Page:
CO2 neutrality for industrial plants and the supply chain
Industry is eager to become CO2-neutral – an outcome which is in strong demand on the part of customers and suppliers, banks and investors, potential employees and society at large. Major corporations as well as medium-sized enterprises are equally committed to this goal. At HANNOVER MESSE, companies can find solutions to achieving CO2-neutral production.30 Mar 2023
The sensor specialist Leuze has taken the first steps towards CO2 neutrality and has already achieved this goal, at least in Germany. The company started by reviewing its direct emissions and optimizing them on that basis. Thanks to extensive investments in new and existing buildings, it significantly reduced its level of energy consumption. Leuze was also able to significantly improve energy efficiency in its production operations. Among other things, a massive expansion of the company’s own renewable energy generation via the use of photovoltaics made an important contribution. As a result, the company was able to reduce the amount of electricity it purchased from outside sources by approximately 50 percent last year. Leuze has been using 100 percent green electricity for several years. Some of this is supplied by Leuze’s own leased hydroelectric power plants.
To offset the unavoidable direct CO2 emissions, Leuze is supporting an international forest conservation project in northern Brazil, covering an area of some 148,000 hectares. This is not a reforestation project, but one that serves to preserve the rainforest as a natural CO2 reservoir. The forest conservation project conserves on emissions by avoiding deforestation of the virgin forest. And Leuze is going a step further: Their agenda also includes examining indirect emissions in the supply chain which, as with most companies, account for a large percentage and are more difficult to influence. That is why CO2 is also a supply chain issue.
The example set by the Leuze firm illustrates the challenges that companies are faced with. Industry is responsible for around 23 percent of greenhouse gases in Germany. 70 percent of industrial energy demand is caused by energy-intensive industries – for example, steel, cement or basic chemicals, as researchers at the Fraunhofer Institute (ISI) point out.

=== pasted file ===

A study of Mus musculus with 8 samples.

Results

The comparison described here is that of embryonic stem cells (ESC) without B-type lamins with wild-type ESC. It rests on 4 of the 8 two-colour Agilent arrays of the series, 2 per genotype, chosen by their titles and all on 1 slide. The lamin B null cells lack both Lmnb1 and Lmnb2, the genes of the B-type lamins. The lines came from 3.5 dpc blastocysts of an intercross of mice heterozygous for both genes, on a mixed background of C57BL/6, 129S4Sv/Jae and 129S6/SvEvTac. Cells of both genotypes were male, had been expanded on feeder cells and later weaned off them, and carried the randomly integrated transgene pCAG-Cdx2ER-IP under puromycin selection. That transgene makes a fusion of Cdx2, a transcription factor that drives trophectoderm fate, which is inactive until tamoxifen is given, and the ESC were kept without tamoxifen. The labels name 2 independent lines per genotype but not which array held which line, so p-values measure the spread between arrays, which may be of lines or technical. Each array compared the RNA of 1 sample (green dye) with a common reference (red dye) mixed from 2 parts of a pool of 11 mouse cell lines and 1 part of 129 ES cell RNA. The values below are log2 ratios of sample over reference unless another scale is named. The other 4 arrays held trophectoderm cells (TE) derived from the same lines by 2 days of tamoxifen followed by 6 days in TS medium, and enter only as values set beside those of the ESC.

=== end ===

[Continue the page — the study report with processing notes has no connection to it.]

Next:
Responsible parties need to analyze the supply side, but also the demand side in the field of energy. For years, machine builders have been discussing the Industrial Internet of Things (IIoT) and the concomitant connected machines. The focus has been primarily on the exchange of production data. The next step now is to integrate the machines into a company’s energy system. When a company's own renewable, low-cost energy is available, the machines run at full speed. The same applies to logistics centers. A warehouse doesn’t always need to run at 100 percent capacity if the machines know that a particular truck is stuck in traffic. To solve such tasks, you need domain knowledge. Automators have this knowledge, and this is the envy of many high-tech companies. They can reliably identify valuable effects with deep learning, but knowledge about a control circuit can’t be replaced quite so quickly. In addition, companies are developing new business models like peak shaving. And a glimpse into the distant future, when an employee hooks up his or her e-car to the charging station at the plant in the morning, the vehicle becomes an intermediate storage device for production use.
At HANNOVER MESSE, companies can find out more about these energy systems of the future, while sharing information on DC grids, taking in energy management software, analyzing supply chains and aligning their production for CO2-neutral outcomes.